The scale of “sugar addiction” in England and Wales has been laid bare in data showing that 170 children and teenagers a day are having operations in NHS hospitals to remove multiple teeth that have been rotted by sugar.
There were 42,911 multiple tooth extraction operations in patients under the age of 18 in 2016/17 according to analysis of NHS statistics by the Local Government Association, which represents English councils.
This represents an increase of 17 per cent on the numbers four years ago, with a total bill for the operations – which have to take place in hospital under anaesthetic – of £36.2m.
Dental health leaders said that ministers should be ashamed of the figures, and said a lack of funding for the Government’s flagship oral health programme means it is only reaching “a few thousand children”.
The amounts of sugar in food and drink
“These statistics are a badge of dishonour for health ministers, who have failed to confront a wholly preventable disease,” said British Dental Association (BDA) chair, Mick Armstrong.
The BDA says England is lagging behind Scotland and Wales by failing to have a dedicated child oral health programme.
It adds that the flagship “Starting Well” policy, for children under five at high risk of dental problems, had no additional funding attached and is only running in 13 local authorities.
Mr Armstrong added: “This short-sightedness means just a few thousand children stand to benefit from policies that need to be reaching millions.”
The total bill for tooth extractions since 2012 topped £165m, and the figures show numbers spiked again in 2016/17, despite a drop in the number of cases the previous year – when there were 40,800 operations. The LGA’s community wellbeing board chair, councillor Izzi Seccombe, said: “The fact that, due to the severity of the decay, 170 operations a day to remove teeth in children and teenagers have to be done in a hospital is alarming and also adds to current pressures on the NHS.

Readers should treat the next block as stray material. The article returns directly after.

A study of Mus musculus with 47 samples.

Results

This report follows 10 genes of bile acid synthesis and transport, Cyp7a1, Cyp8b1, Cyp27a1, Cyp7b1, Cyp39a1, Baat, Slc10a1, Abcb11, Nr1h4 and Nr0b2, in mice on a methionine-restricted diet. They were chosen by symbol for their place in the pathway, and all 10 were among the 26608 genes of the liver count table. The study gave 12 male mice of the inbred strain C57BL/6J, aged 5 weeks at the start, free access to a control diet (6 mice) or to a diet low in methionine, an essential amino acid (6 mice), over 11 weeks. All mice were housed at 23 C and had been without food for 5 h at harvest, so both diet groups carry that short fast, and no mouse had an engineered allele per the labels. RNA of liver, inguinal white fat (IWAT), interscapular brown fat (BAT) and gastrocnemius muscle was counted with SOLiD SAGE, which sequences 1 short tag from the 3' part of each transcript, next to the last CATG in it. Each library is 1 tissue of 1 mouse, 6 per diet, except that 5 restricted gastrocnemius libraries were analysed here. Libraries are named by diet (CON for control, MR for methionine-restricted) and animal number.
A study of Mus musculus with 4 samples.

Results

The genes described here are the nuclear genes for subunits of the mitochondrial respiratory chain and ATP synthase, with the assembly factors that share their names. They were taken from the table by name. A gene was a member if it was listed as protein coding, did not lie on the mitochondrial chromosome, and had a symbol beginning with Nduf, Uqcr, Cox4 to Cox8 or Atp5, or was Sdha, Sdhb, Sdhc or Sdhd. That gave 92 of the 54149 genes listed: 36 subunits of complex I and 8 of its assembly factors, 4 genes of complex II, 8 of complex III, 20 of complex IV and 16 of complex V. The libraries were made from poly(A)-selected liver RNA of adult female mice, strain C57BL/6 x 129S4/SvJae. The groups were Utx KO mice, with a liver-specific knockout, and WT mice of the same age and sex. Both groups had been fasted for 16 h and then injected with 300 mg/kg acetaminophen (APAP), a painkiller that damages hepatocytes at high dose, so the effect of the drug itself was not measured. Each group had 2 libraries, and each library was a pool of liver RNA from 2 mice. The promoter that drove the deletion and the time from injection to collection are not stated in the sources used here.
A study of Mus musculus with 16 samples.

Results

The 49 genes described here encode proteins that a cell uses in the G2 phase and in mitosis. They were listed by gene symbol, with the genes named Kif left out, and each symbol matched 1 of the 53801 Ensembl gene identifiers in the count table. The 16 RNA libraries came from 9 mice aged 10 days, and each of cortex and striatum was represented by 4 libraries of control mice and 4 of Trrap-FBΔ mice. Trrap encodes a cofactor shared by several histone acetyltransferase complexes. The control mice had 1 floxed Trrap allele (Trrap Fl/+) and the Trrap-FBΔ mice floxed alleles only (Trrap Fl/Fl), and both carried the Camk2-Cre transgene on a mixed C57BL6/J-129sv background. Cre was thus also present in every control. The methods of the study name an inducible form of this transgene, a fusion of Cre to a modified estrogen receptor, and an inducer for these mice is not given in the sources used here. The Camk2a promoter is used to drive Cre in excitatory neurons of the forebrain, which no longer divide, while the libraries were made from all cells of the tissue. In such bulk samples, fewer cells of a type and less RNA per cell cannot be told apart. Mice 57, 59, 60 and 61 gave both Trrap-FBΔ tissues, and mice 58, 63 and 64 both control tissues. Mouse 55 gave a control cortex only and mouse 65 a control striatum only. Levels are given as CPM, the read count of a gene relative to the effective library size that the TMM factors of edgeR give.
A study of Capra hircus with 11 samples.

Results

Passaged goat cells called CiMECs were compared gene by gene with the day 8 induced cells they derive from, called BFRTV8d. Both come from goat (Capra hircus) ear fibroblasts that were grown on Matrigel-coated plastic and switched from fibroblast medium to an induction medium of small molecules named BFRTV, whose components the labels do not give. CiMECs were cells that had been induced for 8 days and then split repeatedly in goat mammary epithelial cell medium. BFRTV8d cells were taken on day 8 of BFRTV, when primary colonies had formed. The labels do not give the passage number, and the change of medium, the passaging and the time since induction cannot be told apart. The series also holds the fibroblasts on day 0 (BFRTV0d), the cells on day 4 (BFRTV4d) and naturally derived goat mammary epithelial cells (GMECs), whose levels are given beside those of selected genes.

“This concerning trend shows there is an urgent need to introduce measures to curb our sugar addiction which is causing children’s teeth to rot.”
The LGA is calling for councils to be given local spending powers for some of the money raised through the Government’s sugar tax.
“Reducing sugar isn’t just about tackling obesity, it’s about this important issue of dental health,” Dr Sarah Wollaston MP, and chair of the Commons Health Committee, told The Independent.
“We’ve known for a while that the single biggest cause for children being admitted to hospital is to have rotten teeth removed. It’s a major cause of health inequality.”
A new Government tax on sugary soft drinks has already seen manufacturers start changing their formulas to avoid the levy, even before the law takes effect in April.
While the reformulation of Irn Bru caused fans to stockpile the iconic Scottish drink, Dr Wollaston said she hopes the Government will keep gradually extending sugar controls.
“We saw it with salt, it took ten years to gradually reduce the levels in British food but now you only really notice when you go abroad, somewhere where they don’t have these restrictions on how salty food is,” Dr Wollaston added.
“I’d like to see the levy extended to these sugary milk-based products and smoothies, which are currently exempt, and are often pitched as healthy but have very high sugar levels.”
These cases all took place in hospital because they are too complex for a dentist, and even NHS officials agreed tooth decay is an “epidemic”.
An NHS England spokesperson said: “NHS dental care for children is free, and tooth decay is preventable, but eating sugary food and drinks is driving this unfortunate and unnecessary epidemic of extractions.
“NHS England is working with the dental profession, local authorities and health providers and has developed Starting Well – a campaign targeted at high-need communities to help children under five see their dentist earlier and improve their dental health.
“In supporting the ‘Dental Check by One’ campaign, NHS England is working with the dental profession to help an additional 70,000 more children see a dentist before they reach their second birthday.”